Thursday, February 11, 2010

Winter Wonderfood: litbrit's Turkey and Bean Chili

My boys--including the (sort-of) grown-up one--absolutely love this dish, and I'm happy to make it for them, as it's delicious and warming; it's adaptable to different palates (we like it hot); and nutritionally speaking, it packs a nice wallop of lean protein and fiber while keeping fat and calories to a minimum.

If you're going to keep things healthy, I'd recommend using low-fat (not fat-free, yuck) sour cream and low-fat sharp cheddar as toppings. This will serve about eight adults; if you're cooking for a roomful, as I was during the Superbowl, you can easily double the quantities, too (and leftovers are wonderful for breakfast when added to scrambled eggs in tortilla wraps). Cornbread is the classic accompaniment, whether you make it from scratch, use a pre-fab mix, or send someone to the supermarket bakery.

I want to say I adapted this from one of Martha Stewart's recipes; I'm about 99% certain I found the original version in one of her magazines several years ago. Given the chilly outlook, so to speak, this seems to be the perfect thing to kick off a home-bound weekend. So...let's cook!

You'll need a big, heavy-bottomed stock pot, a sharp knife, a long-handled wooden spoon, and a cutting board.


* 3 pounds ground (or finely-minced leftover) turkey (if using already-cooked leftovers, I like to use a mix of dark and light turkey; otherwise, buy the fresh ground turkey that's about 7% fat, as the fat-free kind will be too dry.)
* olive oil
* 1/2 sweet onion (i.e. Vidalia or Maui), finely chopped
* 1 head of garlic, peeled and finely minced (note, that says head, not one measly clove! Hey, you need lots of garlic in your life if you're going to ward off heart disease and vampires; besides, garlic is delicious and it sweetens when you cook it.)
* 3-4 large fresh jalapeño chiles, ribs and seeds removed for less heat, minced (wash your hands well before you touch your face or anyone else's, okay?)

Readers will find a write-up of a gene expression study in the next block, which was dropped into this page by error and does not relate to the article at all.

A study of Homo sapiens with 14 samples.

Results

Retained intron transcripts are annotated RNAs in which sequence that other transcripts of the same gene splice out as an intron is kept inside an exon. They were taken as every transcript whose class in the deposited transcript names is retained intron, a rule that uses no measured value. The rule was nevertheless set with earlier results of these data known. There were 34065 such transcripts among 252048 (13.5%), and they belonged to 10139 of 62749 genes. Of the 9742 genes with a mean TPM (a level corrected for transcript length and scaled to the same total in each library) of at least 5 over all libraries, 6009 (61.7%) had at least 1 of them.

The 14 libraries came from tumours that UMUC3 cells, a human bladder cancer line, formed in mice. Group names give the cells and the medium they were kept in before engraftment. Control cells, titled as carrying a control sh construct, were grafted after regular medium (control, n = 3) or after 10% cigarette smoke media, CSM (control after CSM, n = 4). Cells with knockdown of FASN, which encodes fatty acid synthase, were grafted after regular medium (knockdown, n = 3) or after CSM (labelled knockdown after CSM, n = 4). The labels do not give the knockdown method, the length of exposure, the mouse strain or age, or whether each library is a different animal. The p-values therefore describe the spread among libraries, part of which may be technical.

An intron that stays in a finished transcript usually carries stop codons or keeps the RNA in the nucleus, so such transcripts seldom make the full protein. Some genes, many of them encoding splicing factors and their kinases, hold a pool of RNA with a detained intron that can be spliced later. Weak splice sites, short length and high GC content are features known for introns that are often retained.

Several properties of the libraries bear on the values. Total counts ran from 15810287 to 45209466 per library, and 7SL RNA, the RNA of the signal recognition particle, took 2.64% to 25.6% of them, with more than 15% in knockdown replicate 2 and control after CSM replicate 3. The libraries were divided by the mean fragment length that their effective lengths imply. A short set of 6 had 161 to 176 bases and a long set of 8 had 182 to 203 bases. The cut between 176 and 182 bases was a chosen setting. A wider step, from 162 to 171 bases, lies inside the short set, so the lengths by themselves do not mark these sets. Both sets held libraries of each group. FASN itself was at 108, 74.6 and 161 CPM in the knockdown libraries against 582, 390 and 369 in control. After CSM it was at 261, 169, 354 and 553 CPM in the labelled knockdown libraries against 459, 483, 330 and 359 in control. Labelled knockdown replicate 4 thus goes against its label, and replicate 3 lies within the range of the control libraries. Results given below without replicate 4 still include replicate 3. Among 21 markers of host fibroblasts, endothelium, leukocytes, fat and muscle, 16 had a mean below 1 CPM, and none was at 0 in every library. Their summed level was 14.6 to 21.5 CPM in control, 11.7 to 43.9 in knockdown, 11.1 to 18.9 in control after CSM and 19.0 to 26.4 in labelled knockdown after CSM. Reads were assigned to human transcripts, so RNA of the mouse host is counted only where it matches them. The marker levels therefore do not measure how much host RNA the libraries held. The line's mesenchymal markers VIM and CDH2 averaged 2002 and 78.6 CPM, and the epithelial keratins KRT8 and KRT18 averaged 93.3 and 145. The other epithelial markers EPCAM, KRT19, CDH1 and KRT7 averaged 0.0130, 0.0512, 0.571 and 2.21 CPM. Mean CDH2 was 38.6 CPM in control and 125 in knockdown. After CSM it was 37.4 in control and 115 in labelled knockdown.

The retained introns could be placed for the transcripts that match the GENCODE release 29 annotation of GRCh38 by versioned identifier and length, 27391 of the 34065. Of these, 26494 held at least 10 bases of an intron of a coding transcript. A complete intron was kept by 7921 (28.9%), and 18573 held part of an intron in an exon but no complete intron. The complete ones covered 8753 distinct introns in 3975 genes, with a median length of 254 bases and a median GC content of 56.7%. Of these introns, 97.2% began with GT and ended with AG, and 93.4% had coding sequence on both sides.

* red pepper flakes to taste (we like a lot; start with a pinch or two if you're not sure)
* 3 tablespoons chili powder
* 3 generous rounded tablespoons unsweetened cocoa powder (very important!)
* 4 teaspoons ground cumin
* 2 cans (28 ounces each) whole tomatoes in puree (I use the Cento brand)
* 2 tablespoons unsulfured molasses (it might sound counter-intuitive to use something so sweet in chili, but trust me, it all works)
* Coarse salt
* 3 cans (15 1/2 ounces each) best-quality pinto beans, organic if you can find them, drained and rinsed
* 1 cup fresh cilantro leaves, coarsely chopped


1. Pour a little oil--a tablespoon or two--into your stock pot or Dutch oven and place over medium heat; roll the pan around to coat bottom as the metal warms. Add onions and jalapeños, lower the flame a little, and cook until the onions are beginning to turn translucent; then add the minced garlic and red pepper flakes (again, go easy at first; you can add more toward the end if you want serious fire), and cook until everything is soft, stirring occasionally. Add the ground turkey and break it up with a wooden spoon, cooking and stirring until no longer pink, about 8 to 10 minutes (if using already-cooked leftovers, much less time is needed, obviously; just warm through).

2. Stir in chili powder, cocoa powder, and cumin; cook, stirring, until fragrant, 1 minute. Things will start smelling really good now, and you may notice children, neighbors, cats, and dogs wandering into your kitchen.

3. Break up tomatoes with a spoon or your hands, and stir them in along with the puree. Add molasses, 1 cup water, and 2 teaspoons salt; bring to a boil. Reduce heat to a simmer; cook, partially covered, 30 minutes.

4. Add beans and continue cooking, uncovered, until turkey and beans are very tender, and chili is thick, about 30 minutes more. Stir in the cilantro. Serve in your favorite ceramic bowls, with some shredded cheese, sour cream, and corn bread on the side.

Enjoy! Stay warm--and stay off the roads.